Oxford scientists also develop rapid testing technology for COVID-19


Oxford scientists also develop rapid testing technology for COVID-19

Scientists from Oxford University have developed a rapid test for COVID-19. It takes just half an hour to get the result.

Image credits: Oxford University.

Oxford University has become the latest research group to develop its own testing kit for COVID-19. University of Oxford’s Engineering Science Department and the Oxford Suzhou Centre for Advanced Research have worked together to develop the rapid test, which they claim is also more sensitive than most existing options — meaning it can also detect low levels of infection.

The technology uses a simple heat-block to detect RNA fragments and can be read easily with the naked eye, making it suitable for remote or rural areas.

‘The beauty of this new test lies in the design of the viral detection that can specifically recognise SARS-CoV-2 (COVID-19) RNA and RNA fragments. The test has built-in checks to prevent false positives or negatives and the results have been highly accurate.’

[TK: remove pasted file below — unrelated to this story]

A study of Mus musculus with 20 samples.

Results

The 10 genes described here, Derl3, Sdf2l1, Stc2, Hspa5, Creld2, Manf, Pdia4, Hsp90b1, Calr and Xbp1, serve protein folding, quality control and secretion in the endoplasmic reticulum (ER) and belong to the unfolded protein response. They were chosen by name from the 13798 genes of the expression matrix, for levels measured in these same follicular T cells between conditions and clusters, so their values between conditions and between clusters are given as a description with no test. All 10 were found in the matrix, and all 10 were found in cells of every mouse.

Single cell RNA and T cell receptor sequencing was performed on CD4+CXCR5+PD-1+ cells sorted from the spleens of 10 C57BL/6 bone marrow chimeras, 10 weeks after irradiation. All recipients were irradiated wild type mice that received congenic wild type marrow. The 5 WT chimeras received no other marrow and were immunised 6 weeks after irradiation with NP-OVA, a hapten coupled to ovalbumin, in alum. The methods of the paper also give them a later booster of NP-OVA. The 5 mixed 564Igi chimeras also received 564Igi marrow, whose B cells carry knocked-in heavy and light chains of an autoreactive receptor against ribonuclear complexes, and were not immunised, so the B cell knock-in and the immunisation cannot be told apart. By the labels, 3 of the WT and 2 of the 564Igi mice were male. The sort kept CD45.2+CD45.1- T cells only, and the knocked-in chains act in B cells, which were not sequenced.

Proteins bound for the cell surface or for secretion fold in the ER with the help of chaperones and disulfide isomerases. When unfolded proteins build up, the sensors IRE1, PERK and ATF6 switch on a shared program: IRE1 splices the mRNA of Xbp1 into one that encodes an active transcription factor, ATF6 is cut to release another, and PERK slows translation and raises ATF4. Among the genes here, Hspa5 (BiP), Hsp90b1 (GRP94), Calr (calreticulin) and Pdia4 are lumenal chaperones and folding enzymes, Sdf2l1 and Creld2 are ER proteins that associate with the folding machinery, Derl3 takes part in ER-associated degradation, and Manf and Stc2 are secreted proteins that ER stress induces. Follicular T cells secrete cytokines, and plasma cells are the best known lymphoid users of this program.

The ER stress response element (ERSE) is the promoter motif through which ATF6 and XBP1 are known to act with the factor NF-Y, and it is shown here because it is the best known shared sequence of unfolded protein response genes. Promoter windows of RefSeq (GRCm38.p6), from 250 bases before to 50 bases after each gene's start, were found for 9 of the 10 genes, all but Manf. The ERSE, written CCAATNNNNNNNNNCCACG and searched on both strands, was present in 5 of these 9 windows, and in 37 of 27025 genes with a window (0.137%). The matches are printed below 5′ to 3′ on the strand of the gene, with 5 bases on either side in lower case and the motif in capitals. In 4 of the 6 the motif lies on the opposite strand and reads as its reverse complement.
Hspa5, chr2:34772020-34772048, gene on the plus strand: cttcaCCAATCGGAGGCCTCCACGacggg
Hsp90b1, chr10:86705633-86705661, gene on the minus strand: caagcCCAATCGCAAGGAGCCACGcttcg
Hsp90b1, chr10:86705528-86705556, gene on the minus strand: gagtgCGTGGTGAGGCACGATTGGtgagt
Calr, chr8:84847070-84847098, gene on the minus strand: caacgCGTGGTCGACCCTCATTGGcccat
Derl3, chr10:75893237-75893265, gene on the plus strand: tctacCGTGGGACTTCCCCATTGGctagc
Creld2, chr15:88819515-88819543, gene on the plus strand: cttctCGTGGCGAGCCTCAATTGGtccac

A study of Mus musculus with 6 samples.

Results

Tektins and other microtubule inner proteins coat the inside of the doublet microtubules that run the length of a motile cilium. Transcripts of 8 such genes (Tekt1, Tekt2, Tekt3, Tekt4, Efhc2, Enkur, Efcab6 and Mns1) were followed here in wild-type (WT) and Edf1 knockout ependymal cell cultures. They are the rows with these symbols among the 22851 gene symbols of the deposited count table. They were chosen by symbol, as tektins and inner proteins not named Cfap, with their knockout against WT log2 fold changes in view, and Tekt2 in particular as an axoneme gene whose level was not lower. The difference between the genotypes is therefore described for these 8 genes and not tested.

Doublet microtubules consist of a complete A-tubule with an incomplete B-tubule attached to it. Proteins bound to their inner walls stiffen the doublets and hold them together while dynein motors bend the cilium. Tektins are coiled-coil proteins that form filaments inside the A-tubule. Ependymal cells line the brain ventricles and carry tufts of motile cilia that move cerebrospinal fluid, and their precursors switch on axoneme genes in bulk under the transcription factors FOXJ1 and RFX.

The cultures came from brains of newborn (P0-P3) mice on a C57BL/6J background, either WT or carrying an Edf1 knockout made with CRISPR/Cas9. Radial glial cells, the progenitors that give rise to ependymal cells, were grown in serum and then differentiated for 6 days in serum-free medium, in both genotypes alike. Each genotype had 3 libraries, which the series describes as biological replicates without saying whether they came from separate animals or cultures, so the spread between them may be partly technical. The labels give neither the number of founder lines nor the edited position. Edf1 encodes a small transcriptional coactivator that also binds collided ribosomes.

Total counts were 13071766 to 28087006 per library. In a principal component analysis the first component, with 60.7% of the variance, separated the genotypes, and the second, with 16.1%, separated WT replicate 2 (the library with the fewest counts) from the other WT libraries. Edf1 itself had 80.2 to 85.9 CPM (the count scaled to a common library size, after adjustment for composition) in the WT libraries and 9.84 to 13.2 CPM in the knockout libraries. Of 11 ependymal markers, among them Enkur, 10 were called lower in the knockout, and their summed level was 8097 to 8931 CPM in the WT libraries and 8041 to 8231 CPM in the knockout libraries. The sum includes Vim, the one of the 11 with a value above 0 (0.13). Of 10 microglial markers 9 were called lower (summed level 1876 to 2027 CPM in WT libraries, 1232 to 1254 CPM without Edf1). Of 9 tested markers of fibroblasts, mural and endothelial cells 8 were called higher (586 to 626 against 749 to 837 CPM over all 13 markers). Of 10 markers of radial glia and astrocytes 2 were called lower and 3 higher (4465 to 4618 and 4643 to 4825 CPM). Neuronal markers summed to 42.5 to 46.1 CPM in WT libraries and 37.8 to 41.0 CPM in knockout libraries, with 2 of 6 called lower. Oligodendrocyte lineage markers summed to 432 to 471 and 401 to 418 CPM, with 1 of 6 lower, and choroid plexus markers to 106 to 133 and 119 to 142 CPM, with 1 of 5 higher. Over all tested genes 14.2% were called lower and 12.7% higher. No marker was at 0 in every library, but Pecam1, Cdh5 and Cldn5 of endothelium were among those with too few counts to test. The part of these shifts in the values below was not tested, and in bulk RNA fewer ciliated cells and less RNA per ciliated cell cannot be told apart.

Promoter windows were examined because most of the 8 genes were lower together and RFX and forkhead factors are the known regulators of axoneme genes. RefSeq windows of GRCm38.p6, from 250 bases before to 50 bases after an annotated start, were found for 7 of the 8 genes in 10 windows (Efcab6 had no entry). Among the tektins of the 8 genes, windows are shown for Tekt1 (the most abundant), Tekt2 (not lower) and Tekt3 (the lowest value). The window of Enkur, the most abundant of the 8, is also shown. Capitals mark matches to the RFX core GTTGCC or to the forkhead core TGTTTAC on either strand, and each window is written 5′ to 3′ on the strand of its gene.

The technology has already been tested with real samples at the LuoHou hospital in Shenzen, China. The test has been applied to 16 clinic samples and was successful in detecting both the positives and the negatives.

The team is now working to run more clinical validations, and developing a system for easy deployment in public places (such as airports or clinics) or even homes.

There is still very much we don’t know about the COVID-19 outbreak and the lack of sufficient tests means we don’t really have accurate data. In turn, this means we don’t know how many people are really infected, how many are asymptomatic, and how much the epidemic has progressed.

The more reliable tests we have, the better — and this is where tests such as the one from Oxford come in handy.

‘I am proud of our team that have developed a useful technology and can make a contribution in combating CoV-19, and we are very grateful to the hospital’s medical team led by Dr. Xizhou Sun, Dr Xiuming Zhang and Dr Dan Xiong for their part in testing this new technology.’

To keep tracking developments in the outbreak, follow our constantly updated page.